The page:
Mick Jagger is the mega-successful artist whose place of relevance within the music industry has been undeniable for the past six decades. Needless to say, he first came to prominence back in the 1960s as part of The Rolling Stones. Not surprisingly, given his experience, he has an uncanny ability to predict who among upcoming artists would likely achieve success. No matter the genre — country, pop, rap, reggae or whatever it might be — he has had an innate feeling for quality music.
Mick nonetheless faced all forms of disapproval and attacks for some of the choices he made in the music industry. For instance, there was a young artist Mick mentored named Prince (perhaps you’ve heard of him) who faced a lot of hostility from others. Mick encouraged him to stand tall and ignore distractions or gender racism from wherever it came. Prince later proved Mick right with his unique style of music as this rendered every critic speechless.
Why Prince’s music faced intense disapproval
Prince — born Prince Rogers Nelson on June 7, 1958 — recorded his first album, For You, in 1978; followed a year later by the self-titled Prince, 1980’s Dirty Mind and 1981’s Controversy, which, while enjoying some solid sales and successful singles, still did not see his music widely embraced. His big chance came in 1981 when he made his first appearance on Saturday Night Live to promote the single “Partyup,” and was given the opportunity to serve as one of three opening acts for Mick Jagger and the Rolling Stones on their US tour. Unfortunately, while performing in Los Angeles, the audience started reacting badly — not only to the music, but Prince’s onstage attire of a trench coat and black bikini briefs. In response, they laughed, booed and actually threw trash at him, resulting in Prince leaving the stage in tears only three songs into his performance.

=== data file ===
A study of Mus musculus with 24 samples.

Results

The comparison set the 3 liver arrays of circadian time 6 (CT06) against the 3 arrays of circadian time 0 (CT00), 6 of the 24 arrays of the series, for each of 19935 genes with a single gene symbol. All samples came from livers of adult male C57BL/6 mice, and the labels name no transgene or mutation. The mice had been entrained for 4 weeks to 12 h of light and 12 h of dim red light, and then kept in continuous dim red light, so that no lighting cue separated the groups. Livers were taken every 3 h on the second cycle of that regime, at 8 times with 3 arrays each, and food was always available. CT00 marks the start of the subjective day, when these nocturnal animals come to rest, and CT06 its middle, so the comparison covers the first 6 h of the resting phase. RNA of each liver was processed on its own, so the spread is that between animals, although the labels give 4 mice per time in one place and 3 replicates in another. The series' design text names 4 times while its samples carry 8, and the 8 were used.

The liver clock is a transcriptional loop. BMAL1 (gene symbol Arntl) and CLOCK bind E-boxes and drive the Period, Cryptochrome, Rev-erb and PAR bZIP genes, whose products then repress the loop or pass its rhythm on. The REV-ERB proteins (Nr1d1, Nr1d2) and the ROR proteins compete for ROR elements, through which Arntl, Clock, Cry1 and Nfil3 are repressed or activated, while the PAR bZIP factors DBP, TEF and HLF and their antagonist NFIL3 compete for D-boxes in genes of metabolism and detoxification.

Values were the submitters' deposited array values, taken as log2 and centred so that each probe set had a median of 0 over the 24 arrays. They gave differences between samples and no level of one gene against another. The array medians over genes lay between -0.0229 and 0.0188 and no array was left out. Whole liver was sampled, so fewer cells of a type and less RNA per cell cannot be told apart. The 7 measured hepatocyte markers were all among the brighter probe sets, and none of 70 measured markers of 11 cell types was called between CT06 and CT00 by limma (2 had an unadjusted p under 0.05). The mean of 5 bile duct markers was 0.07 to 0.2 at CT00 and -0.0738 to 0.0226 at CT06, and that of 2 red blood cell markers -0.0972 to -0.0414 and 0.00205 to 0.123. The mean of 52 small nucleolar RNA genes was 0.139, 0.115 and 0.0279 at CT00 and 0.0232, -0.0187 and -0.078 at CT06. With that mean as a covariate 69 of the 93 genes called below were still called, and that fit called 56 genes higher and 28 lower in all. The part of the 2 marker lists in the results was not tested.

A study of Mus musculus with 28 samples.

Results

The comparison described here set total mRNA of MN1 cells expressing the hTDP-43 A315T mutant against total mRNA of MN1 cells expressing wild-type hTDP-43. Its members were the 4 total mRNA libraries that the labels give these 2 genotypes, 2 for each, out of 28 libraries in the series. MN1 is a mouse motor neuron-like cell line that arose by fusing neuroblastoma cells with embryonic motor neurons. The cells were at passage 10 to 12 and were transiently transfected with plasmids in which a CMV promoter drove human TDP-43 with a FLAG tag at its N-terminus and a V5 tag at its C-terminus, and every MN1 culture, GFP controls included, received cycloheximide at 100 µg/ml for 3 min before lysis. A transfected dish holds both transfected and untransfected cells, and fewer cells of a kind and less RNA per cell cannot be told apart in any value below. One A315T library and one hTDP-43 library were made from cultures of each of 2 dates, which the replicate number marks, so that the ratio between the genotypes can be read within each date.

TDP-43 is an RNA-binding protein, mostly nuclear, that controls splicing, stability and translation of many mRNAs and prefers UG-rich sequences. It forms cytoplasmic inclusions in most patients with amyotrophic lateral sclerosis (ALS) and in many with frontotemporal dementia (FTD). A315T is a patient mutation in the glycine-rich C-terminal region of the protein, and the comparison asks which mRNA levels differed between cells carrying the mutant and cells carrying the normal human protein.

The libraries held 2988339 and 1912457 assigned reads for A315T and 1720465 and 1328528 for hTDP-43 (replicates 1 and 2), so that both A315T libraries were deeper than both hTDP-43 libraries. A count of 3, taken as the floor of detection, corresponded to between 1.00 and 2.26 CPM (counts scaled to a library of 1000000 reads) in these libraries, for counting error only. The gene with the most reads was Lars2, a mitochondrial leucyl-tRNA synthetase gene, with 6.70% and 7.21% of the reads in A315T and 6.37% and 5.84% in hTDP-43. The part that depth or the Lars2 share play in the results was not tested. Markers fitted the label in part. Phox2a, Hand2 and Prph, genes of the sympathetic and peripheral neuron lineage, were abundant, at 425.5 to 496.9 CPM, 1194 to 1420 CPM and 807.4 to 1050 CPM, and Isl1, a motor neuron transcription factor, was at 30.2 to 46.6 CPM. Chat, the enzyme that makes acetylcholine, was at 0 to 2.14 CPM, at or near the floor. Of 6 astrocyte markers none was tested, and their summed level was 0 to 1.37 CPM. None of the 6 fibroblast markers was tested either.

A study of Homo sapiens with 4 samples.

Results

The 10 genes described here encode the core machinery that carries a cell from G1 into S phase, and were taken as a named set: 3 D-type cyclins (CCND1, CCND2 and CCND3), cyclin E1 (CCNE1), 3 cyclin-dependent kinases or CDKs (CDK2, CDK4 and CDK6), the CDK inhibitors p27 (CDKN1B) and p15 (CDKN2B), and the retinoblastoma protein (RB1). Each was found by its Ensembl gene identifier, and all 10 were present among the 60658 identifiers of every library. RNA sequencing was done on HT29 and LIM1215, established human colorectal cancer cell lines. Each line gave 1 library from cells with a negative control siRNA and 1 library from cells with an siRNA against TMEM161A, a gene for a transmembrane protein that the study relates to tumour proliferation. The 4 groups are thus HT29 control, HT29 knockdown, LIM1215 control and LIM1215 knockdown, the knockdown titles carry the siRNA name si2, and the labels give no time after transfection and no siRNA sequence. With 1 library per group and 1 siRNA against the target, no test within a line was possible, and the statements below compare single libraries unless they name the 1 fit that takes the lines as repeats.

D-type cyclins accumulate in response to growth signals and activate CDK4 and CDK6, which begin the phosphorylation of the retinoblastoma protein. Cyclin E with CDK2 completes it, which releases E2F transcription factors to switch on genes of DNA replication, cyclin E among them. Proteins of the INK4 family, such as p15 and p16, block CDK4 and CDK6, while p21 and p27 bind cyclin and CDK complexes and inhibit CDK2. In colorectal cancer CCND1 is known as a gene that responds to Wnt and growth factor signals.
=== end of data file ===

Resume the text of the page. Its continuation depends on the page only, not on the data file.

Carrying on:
In fact, this chance with The Rolling Stones could have ended as a nightmare for him as he wasn’t going to appear at the next show. But it was Mick who convinced him otherwise — garnering more criticism for himself in the process. Mick would tell the media, “I talked to Prince on the phone once after he got two cans thrown at him in LA. He said he didn’t want to do any more shows. God, I got thousands of bottles and cans thrown at me! Every kind of debris. I told him, ‘If you get to be a really big headliner, you have to be prepared for people to throw bottles at you in the night.'” Prince returned as an opening act and performed through any and all abuse figuratively and literally thrown his way.
In 1995, Prince even faced a more horrible mocking when he changed his name to what was an unpronounceable symbol and was the nickname by many as the ‘Artist Formerly Known as Prince.’ This made him a laughing stock among the press and many members of the public.
Mick’s perception of Prince as he called him a “Revolutionary artist”
Mick stood up and fought for Prince. His perception of this young star and other upcoming artists back then was beyond their music style or brand name. Instead, Mick appreciated the content of their music, the lyrics, and the overall quality of what they produced.
“I think Prince is a great artist, very traditional in some ways,” he told Rolling Stone. “Prince has been overlooked. But he’s so incredibly in the mold of the James Brown sort of performer. He broke a lot of musical modes and invented a lot of styles, and couldn’t keep up with himself. Very prolific, which is rare.”
He continued, “Mostly people write three songs and repeat themselves. Prince has a lot of talent as a writer, and I’ve seen great performances by him. He’s outperformed almost everyone. I’d rate him at the top. I don’t think there’s a lot of competition from new artists.”
He called him a “revolutionary artist” and said, “his talent was limitless.” In Jagger’s view, Prince was a one-off, and we’ll never see an all-rounder quite like him again.
Sadly, on April 21st of 2016, Prince was found unresponsive on the floor of an elevator by paramedics who performed CPR before later pronouncing him dead at 10:07 am that same day. A press release from the Midwest Medical Examiner’s Office in Anoka County on June 2 reported that the Prince had died of an accidental overdose of fentanyl, at the age of 57. In the end, Mick’s view of Prince as an artist, was absolutely true.